United Kodava Organisation to hold Mand Namme at Ammathi tomorrow
By Mookonda Kushalappa
The Kodavas were originally worshippers of ancestors and of nature. A Kodava joint family was called an Okka. The members of such a family owned and tilled their farmland in common. A group of these families formed a hamlet called a Keri. A few such hamlets formed a village called an Oor. Each village would have one or more temples. A number of such villages formed a cluster called a Naad. A number of such clusters formed a region called a Shime. Kodagu comprised 8 regions or 35 clusters.
There was a traditional system of leadership in Kodagu called Thakkame. Accordingly, every village, cluster, region and temple was led by a prominent Okka called a Thakka family. This family was responsible for guiding the people in the affairs of and in settling disputes within their jurisdiction. Generally, every family (whether Thakka or not) was presided over by its head who was usually the eldest, able male member called a Pattedara. A Thakka family was hence represented by its respective head.
The Shime Thakka and Naad Thakka families are named in a century-old compilation of Kodava folklore called the Pattole Palame. The Shime Thakkas were sometimes called Desa Thakkas. Some of the Naads had more than one Naad Thakka. Every village in Kodagu had an Oor Thakka and every Devasthana (temple) had a Deva Thakka. Therefore, the Thakkas were hereditary managers who helped run the various local societies in Kodagu. The Thakkas would frequently gather in an Ambala, a roofed hall on a raised platform. A meeting of the Thakkas was called a Thakkorme. In the modern era, with the march of western civilisation, these concepts have been largely forgotten.
A few temples outside Kodagu and frequented by Kodavas also have Deva Thakkas. They served as temple managers especially during the annual festival days. For example, there is the Puggera family at the Baithurappa temple and the Mundiolanda and Bovverianda families at the Payyavoorappa temple.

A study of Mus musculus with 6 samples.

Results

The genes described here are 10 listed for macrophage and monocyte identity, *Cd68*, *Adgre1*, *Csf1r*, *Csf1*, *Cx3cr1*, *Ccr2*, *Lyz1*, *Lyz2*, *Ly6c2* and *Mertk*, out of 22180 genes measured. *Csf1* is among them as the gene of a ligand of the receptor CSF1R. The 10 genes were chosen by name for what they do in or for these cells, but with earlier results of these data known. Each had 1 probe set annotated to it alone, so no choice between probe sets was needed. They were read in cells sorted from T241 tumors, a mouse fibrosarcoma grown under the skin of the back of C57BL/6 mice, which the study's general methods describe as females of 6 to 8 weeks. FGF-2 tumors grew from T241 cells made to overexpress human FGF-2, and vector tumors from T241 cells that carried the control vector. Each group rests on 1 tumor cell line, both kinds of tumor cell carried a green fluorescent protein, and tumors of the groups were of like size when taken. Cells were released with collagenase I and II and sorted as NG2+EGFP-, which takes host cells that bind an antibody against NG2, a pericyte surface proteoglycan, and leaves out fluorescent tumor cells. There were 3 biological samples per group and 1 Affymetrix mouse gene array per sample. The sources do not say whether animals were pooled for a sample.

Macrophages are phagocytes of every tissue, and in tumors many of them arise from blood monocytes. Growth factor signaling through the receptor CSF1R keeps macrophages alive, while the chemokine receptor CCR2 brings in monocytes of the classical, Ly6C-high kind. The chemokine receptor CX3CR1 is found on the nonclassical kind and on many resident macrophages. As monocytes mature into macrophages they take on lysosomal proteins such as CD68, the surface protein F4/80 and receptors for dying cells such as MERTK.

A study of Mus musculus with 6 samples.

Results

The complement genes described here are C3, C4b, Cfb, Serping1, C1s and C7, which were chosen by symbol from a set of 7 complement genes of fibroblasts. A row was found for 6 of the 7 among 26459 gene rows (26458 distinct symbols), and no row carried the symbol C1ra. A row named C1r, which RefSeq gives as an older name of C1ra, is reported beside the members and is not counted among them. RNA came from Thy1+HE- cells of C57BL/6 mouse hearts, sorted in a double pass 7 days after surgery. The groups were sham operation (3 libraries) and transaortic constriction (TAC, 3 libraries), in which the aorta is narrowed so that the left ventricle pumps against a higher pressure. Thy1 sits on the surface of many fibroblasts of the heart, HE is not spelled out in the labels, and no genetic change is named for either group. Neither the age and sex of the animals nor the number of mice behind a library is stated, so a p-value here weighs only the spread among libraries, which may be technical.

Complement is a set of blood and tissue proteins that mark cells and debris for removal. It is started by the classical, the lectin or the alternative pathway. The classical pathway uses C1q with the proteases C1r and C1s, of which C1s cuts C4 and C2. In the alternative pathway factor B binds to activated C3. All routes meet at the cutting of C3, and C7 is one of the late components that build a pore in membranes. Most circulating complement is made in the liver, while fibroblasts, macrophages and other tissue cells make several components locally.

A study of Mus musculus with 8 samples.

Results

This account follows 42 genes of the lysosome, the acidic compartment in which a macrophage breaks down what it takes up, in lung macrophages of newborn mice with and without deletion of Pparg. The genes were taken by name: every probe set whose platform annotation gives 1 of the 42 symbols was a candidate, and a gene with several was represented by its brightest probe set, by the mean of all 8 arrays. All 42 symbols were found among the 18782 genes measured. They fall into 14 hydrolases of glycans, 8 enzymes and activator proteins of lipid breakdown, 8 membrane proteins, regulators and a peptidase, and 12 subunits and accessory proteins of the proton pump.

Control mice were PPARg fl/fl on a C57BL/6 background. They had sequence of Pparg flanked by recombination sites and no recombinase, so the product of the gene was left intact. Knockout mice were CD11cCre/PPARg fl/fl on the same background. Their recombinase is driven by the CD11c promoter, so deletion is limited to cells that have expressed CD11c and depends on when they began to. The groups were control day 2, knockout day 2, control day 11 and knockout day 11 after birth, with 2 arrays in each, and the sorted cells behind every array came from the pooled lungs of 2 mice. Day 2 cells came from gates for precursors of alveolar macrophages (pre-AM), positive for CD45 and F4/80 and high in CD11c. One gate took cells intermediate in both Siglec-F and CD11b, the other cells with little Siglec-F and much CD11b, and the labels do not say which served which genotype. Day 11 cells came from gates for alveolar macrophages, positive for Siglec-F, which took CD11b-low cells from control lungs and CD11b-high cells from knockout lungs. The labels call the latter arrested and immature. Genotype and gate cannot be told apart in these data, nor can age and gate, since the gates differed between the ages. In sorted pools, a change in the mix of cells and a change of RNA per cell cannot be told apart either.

A Kodava Trust called United Kodava Organisation (UKO) has now been putting in efforts to revive the Thakkorme practise. On Dec. 25, 2020, UKO held a Thakkorme event at Begur village. Kokkalemada Manju Chinnappa, President and Convener of UKO, spoke on the occasion, enlightening the crowd about the ancient practise. Mathanda Monnappa, President of Akhila Kodava Samaja and a present-day Desa Thakka, was also present.
According to UKO President, over 85 Thakkas participated in the event. He said that a Thakka is a religious head and an Oorme is a unity. Hence, Thakkorme is a confluence of religious heads. During the ancestral era, the Kodava clan system was led by these leaders. Urbanisation and politics had affected the system and have a negative effect on the community.
Currently, these spiritual leaders who also head the administrative system of the villages, are losing their hold. The revival of this religious head culture is now being planned by UKO. The 2020 event was held with the purpose of uniting the religious heads so as to empower them to protect the cultural heritage of the Kodava community. Hence, UKO has started an initiative to promote and revive these clan system rituals in their recently organised religious heads’ meet.
In 2015, UKO had organised a padayatra (foot march) from Talacauvery to Bengaluru. Every year they organise the Mand Namme (festival of village greens). The Mand is a village meadow with a sap tree. The dances and sports organised during annual festivals such as the festival of arms Kail Poldh and the harvest festival Puthari are held here. Sometimes disputes are settled in the Mand. This year (2021), the UKO Mand Namme is being held on Jan. 12 at Ammathi-Ontiangadi.
“In order to strengthen our religious system, we need to empower our Thakka culture. We need to revive the Thakka rituals and follow the associated rules strictly. In this manner we can preserve and protect the heritage of our Kodava community,” said Manju Chinnappa, during the Thakkorme meeting.
Just as how the spiritual leaders in various religious mutts are trained, we need to train the thakkas so that they can effectively guide our community. Through these thakkorme programmes, UKO will provide training to the present and the future generations of thakkas. We have to strengthen the thakka culture to ensure that our religious system remains strong.
—Kokkalemada Manju Chinnappa, President, United Kodava Organisation (UKO) at Thakkorme event in Begur village on Dec.25.